In the speech below, identify any remarks that make either of the two forms of…

In the speech below, identify any remarks that make either of the two forms of Ethical Appeal discussed above. Does this speaker establish his practical wisdom, his commitment to principles, and his sense of altruism?
If so, what does he say to make these qualities apparent? Does he appear to take account of the values, desires, fears, or prejudices of his particular audience? Explain how exactly he does that. Make sure you discuss both forms of ethos in your Journal Assignment.
(Assignment length: approximately 300 words)
Gordon Gekko’s “Greed is Good” Speech From Wall Street
Gordon Gekko (Michael Douglas) is a thoroughly corrupt stock market profiteer. He illegally uses insider information and he uses his influence to sabotage various corporations – all in order to take the risk out of his investment schemes. And in his capacity as majority shareholder of Teldar Paper, he is able to manipulate the company in a way that will virtually guarantee that he will make a modest profit.
In this speech, he addresses the other shareholders at their annual meeting where they will vote on any proposed changes to the company. Gekko displays his rhetorical chops as he discredits the management of the Teldar Paper Corporation in an effort to get the shareholders to fire them. Gekko argues that such a change in high-level personnel will help the failing company to recover and begin to turn a profit. But in reality, this is the last thing in the world that Gekko wants.
He was able to buy a controlling interest in the company relatively cheaply because it was failing. But he never planned to make it succeed. Instead, he plans to drive the company even further into failure so that it will be forced to shut down. At that point, Gekko plans to break it up and sell off the different divisions of it to other companies. Eliminating the experienced leadership from the company will ultimately hurt it, which is exactly what Gekko really wants. He’s willing to betray the interests of all the other shareholders and all of the employees of Teldar Paper in order to get what he wants.
How interesting that such a thoroughly unethical character manages to deploy brilliantly effective ethical appeals in his rhetoric!
Well, I appreciate the opportunity you’re giving me, Mr. Cromwell, as the single largest shareholder in Teldar Paper, to speak.
Well, ladies and gentlemen, we’re not here to indulge in fantasy, but in political and economic reality. America, America has become a second-rate power. Its trade deficit and its fiscal deficit are at nightmare proportions. Now, in the days of the free market, when our country was a top industrial power, there was accountability to the stockholder. The Carnegies, the Mellons, the men that built this great industrial empire, made sure of it because it was their money at stake.
Today, management has no stake in the company! All together, these men sitting up here [Teldar management] own less than 3 percent of thecompany. And where does Mr. Cromwell put his million-dollar salary? Not in Teldar stock; he owns less than 1 percent. You own the company. That’s right — you, the stockholder. And you are all being royally screwed over by these, these bureaucrats, with their steak lunches, their hunting and fishing trips, their corporate jets and golden parachutes.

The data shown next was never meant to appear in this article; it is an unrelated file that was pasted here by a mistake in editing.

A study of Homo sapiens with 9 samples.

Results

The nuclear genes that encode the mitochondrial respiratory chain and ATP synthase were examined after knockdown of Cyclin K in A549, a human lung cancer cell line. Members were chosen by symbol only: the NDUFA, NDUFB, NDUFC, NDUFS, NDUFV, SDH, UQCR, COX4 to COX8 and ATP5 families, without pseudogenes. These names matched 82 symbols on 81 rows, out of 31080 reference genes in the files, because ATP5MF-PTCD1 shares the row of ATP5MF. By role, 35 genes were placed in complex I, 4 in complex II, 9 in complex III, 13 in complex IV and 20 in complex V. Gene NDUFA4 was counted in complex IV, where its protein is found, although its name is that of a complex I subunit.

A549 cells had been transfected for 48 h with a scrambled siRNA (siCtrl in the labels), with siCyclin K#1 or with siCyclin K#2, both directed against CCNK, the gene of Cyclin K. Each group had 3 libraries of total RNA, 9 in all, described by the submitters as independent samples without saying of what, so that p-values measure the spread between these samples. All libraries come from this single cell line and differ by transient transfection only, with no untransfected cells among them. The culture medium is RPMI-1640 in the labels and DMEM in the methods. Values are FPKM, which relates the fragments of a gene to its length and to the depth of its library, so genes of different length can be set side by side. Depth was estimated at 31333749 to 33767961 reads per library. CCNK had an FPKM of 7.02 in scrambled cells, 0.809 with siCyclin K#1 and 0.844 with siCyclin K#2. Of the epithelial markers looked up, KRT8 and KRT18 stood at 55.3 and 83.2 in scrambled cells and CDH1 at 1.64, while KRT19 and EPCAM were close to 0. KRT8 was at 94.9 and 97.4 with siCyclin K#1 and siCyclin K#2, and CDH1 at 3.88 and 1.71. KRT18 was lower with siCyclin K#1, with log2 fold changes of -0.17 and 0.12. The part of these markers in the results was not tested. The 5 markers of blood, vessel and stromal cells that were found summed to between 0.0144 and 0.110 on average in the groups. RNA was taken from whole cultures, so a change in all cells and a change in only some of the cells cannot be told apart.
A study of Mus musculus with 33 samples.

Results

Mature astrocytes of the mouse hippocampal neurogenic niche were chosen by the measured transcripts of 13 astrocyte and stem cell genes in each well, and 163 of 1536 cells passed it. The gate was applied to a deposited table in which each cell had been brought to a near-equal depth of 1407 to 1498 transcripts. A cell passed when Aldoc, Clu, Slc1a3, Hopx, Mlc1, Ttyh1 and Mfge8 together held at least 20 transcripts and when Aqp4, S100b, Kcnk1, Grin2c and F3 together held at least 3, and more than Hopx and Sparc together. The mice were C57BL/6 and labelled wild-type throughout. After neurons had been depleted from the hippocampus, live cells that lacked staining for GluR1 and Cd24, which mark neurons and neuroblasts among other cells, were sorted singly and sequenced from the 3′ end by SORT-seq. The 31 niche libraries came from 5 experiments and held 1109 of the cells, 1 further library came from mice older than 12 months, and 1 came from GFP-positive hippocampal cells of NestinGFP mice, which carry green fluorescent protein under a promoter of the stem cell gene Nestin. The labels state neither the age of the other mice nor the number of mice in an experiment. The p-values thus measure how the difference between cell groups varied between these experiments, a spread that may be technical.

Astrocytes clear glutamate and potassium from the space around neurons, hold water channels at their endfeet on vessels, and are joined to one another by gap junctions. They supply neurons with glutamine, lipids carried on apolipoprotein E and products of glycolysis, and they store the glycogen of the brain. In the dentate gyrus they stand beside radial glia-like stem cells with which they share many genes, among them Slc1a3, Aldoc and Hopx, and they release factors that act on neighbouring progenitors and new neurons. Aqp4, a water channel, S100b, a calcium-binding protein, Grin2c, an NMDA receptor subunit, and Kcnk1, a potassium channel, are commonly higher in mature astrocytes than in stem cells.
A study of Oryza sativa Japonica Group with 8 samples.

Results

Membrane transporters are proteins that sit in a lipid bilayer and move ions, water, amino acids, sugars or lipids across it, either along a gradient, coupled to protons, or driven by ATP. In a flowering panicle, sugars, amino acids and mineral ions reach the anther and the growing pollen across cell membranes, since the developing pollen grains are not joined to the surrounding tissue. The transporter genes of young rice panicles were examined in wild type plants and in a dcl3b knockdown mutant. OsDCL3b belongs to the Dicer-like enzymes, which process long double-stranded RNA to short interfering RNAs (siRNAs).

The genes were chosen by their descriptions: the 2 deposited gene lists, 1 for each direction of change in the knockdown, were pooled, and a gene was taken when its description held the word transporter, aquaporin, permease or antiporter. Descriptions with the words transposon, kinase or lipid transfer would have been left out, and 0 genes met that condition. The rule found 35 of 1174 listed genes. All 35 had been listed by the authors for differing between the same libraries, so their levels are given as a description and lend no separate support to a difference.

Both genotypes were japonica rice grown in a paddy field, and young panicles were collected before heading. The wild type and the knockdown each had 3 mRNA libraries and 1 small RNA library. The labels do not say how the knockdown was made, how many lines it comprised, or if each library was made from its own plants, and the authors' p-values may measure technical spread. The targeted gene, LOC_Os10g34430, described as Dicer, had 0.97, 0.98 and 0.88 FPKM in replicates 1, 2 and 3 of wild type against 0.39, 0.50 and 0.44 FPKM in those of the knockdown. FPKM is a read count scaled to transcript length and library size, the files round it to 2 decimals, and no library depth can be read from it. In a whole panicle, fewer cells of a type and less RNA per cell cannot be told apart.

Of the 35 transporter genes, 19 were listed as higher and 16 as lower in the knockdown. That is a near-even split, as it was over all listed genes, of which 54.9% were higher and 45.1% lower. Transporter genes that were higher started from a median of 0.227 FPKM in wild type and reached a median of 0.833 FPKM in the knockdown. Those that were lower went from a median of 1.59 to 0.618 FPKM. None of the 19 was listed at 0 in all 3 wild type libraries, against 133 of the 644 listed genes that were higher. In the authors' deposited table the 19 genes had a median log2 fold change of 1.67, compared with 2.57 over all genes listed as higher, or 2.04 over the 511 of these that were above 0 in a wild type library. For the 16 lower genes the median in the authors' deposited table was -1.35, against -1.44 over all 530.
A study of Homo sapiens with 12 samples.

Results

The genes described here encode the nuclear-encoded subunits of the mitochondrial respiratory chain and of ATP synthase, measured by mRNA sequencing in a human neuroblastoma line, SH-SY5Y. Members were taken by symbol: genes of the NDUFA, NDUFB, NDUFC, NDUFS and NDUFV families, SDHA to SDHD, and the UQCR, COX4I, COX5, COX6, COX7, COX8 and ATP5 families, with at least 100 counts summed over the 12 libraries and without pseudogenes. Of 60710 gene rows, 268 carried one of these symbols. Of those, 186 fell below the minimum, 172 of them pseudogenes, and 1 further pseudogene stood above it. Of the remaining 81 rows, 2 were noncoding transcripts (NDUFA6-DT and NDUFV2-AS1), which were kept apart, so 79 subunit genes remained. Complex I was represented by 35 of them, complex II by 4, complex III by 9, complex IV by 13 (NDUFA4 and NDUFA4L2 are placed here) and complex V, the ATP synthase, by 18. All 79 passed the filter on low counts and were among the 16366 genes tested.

Cromwell (CEO of Teldar Paper):
This is an outrage! You’re out of line, Gekko!
Teldar Paper, Mr. Cromwell, Teldar Paper has 33 different vice presidents, each earning over 200 thousand dollars a year. Now, I have spent the last two months analyzing what all these guys do, and I still can’t figure it out.
One thing I do know is that our paper company lost 110 million dollars last year, and I’ll bet that half of that was spent in all the paperwork going back and forth between all these vice presidents.
The new law of evolution in corporate America seems to be survival of the unfittest. Well, in my book you either do it right or you get eliminated. In the last seven deals that I’ve been involved with, there were 2.5 million stockholders who have made a pretax profit of 12 billion dollars.
[The audience of shareholders applauds enthusiastically]
Thank you. I am not a destroyer of companies. I am a liberator of them! The point is, ladies and gentleman, that greed — for lack of a better word — is good.
Greed is right. Greed works. Greed clarifies, cuts through, and captures the essence of the evolutionary spirit. Greed, in all of its forms — greed for life, for money, for love, knowledge — has marked the upward surge of mankind.
And greed — you mark my words — will not only save Teldar Paper, but that other malfunctioning corporation called the USA. Thank you very much.
In the speech below, identify any remarks that make either of the two forms of Ethical Appeal discussed above. Does this speaker establish his practical wisdom, his commitment to principles, and his sense of altruism?